Don't Think Open Access Is Important? It Might Have Prevented Much Of The Ebola Outbreak
from the paywalls-kill dept
For years now, we’ve been talking up the importance of open access to scientific research. Big journals like Elsevier have generally fought against this at every point, arguing that its profits are more important that some hippy dippy idea around sharing knowledge. Except, as we’ve been trying to explain, it’s that sharing of knowledge that leads to innovation and big health breakthroughs. Unfortunately, it’s often pretty difficult to come up with a concrete example of what didn’t happen because of locked up knowledge. And yet, it appears we have one new example that’s rather stunning: it looks like the worst of the Ebola outbreak from the past few months might have been avoided if key research had been open access, rather than locked up.
That, at least, appears to be the main takeaway of a recent NY Times article by the team in charge of drafting Liberia’s Ebola recovery plan. What they found was that the original detection of Ebola in Liberia was held up by incorrect “conventional wisdom” that Ebola was not present in that part of Africa:
The conventional wisdom among public health authorities is that the Ebola virus, which killed at least 10,000 people in Liberia, Sierra Leone and Guinea, was a new phenomenon, not seen in West Africa before 2013. (The one exception was an anomalous case in Ivory Coast in 1994, when a Swiss primatologist was infected after performing an autopsy on a chimpanzee.)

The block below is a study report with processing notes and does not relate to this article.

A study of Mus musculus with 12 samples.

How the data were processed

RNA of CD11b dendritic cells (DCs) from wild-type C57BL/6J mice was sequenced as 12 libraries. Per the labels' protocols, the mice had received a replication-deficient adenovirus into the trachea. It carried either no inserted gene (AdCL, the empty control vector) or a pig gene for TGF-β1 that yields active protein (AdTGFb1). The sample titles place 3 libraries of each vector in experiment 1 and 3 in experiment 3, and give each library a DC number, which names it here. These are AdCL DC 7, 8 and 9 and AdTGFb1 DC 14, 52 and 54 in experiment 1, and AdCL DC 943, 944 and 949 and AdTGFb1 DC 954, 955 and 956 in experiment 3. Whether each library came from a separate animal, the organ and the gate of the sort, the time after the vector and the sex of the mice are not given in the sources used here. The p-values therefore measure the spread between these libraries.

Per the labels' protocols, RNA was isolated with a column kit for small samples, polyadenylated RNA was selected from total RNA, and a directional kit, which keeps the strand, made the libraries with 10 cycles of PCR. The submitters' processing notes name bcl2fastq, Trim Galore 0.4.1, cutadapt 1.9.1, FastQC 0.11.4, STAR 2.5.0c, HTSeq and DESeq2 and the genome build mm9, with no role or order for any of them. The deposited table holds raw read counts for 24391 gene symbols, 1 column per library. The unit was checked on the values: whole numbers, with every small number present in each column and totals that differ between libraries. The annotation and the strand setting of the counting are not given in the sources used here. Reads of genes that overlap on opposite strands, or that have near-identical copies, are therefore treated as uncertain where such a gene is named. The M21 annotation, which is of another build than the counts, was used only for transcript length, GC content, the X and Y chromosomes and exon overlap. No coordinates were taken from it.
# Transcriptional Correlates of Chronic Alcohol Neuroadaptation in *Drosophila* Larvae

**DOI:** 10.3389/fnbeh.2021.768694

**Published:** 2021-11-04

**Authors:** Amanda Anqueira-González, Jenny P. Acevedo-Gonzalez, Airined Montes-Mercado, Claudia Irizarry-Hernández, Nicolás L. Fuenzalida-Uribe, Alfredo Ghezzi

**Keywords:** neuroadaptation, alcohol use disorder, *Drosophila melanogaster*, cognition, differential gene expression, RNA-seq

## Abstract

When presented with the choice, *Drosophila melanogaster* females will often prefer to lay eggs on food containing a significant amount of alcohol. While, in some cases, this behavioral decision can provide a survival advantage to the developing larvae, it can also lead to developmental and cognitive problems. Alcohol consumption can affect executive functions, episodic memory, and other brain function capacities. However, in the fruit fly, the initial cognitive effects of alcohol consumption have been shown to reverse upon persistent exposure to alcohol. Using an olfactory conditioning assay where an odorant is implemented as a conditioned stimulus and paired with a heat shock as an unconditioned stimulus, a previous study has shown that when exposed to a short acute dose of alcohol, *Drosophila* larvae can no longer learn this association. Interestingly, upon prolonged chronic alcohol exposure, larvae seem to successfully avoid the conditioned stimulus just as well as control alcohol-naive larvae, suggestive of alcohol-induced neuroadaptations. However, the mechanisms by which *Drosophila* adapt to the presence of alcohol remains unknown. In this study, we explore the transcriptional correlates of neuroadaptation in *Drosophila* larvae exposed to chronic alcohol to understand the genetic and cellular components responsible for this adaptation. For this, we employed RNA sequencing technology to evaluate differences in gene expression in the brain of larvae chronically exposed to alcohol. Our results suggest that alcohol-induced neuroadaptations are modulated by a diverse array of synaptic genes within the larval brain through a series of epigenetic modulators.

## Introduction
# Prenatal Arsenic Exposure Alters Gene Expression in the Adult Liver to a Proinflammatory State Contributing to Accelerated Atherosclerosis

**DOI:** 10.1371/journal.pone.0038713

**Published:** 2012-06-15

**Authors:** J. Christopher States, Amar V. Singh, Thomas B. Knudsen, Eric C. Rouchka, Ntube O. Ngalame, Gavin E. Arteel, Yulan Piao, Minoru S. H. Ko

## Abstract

But, as the team discovered, that “conventional wisdom” was wrong. In fact, they found a bunch of studies, buried behind research paywalls, that revealed that there was significant evidence of antibodies to the Ebola virus in Liberia and in other nearby nations. There was one from 1982 that noted: “medical personnel in Liberian health centers should be aware of the possibility that they may come across active cases and thus be prepared to avoid nosocomial epidemics.” Then they found some more:
Three other studies published in 1986 documented Ebola antibody prevalence rates of 10.6, 13.4 and 14 percent, respectively, in northwestern Liberia, not far from its borders with Sierra Leone and Guinea. These articles, along with other forgotten reports from the 1980s on antibody prevalence in neighboring Sierra Leone and Guinea, suggest the possibility of what some call ?sanctuary sites,? or persistent, if latent, Ebola infection in humans.
So why did the conventional wisdom continue to insist that Ebola wasn’t likely to be the issue when Liberians started getting sick and dying? Well, a big part of it may have been the fact that the research was locked up:
Part of the problem is that none of these articles were co-written by a Liberian scientist. The investigators collected their samples, returned home and published the startling results in European medical journals. Few Liberians were then trained in laboratory or epidemiological methods. Even today, downloading one of the papers would cost a physician here $45, about half a week?s salary.
Yes, it still would have required the knowledge to be passed along to Liberian doctors and health officials, and one can argue that that might not have happened. But it seems a lot more likely that the information would have been more easily accessible and the knowledge passed around if it didn’t cost half a week’s salary just to download decades old research warning of just such a threat. And, of course, the results were catastrophic. Even once people started dying, doctors had a tremendous amount of difficulty figuring out what the issue was:
…it was months before Ebola was identified as the culprit pathogen. That made it impossible for the region?s few doctors and nurses to deliver effective care.
Open access isn’t just some “free culture” refrain. It really matters and can save lives.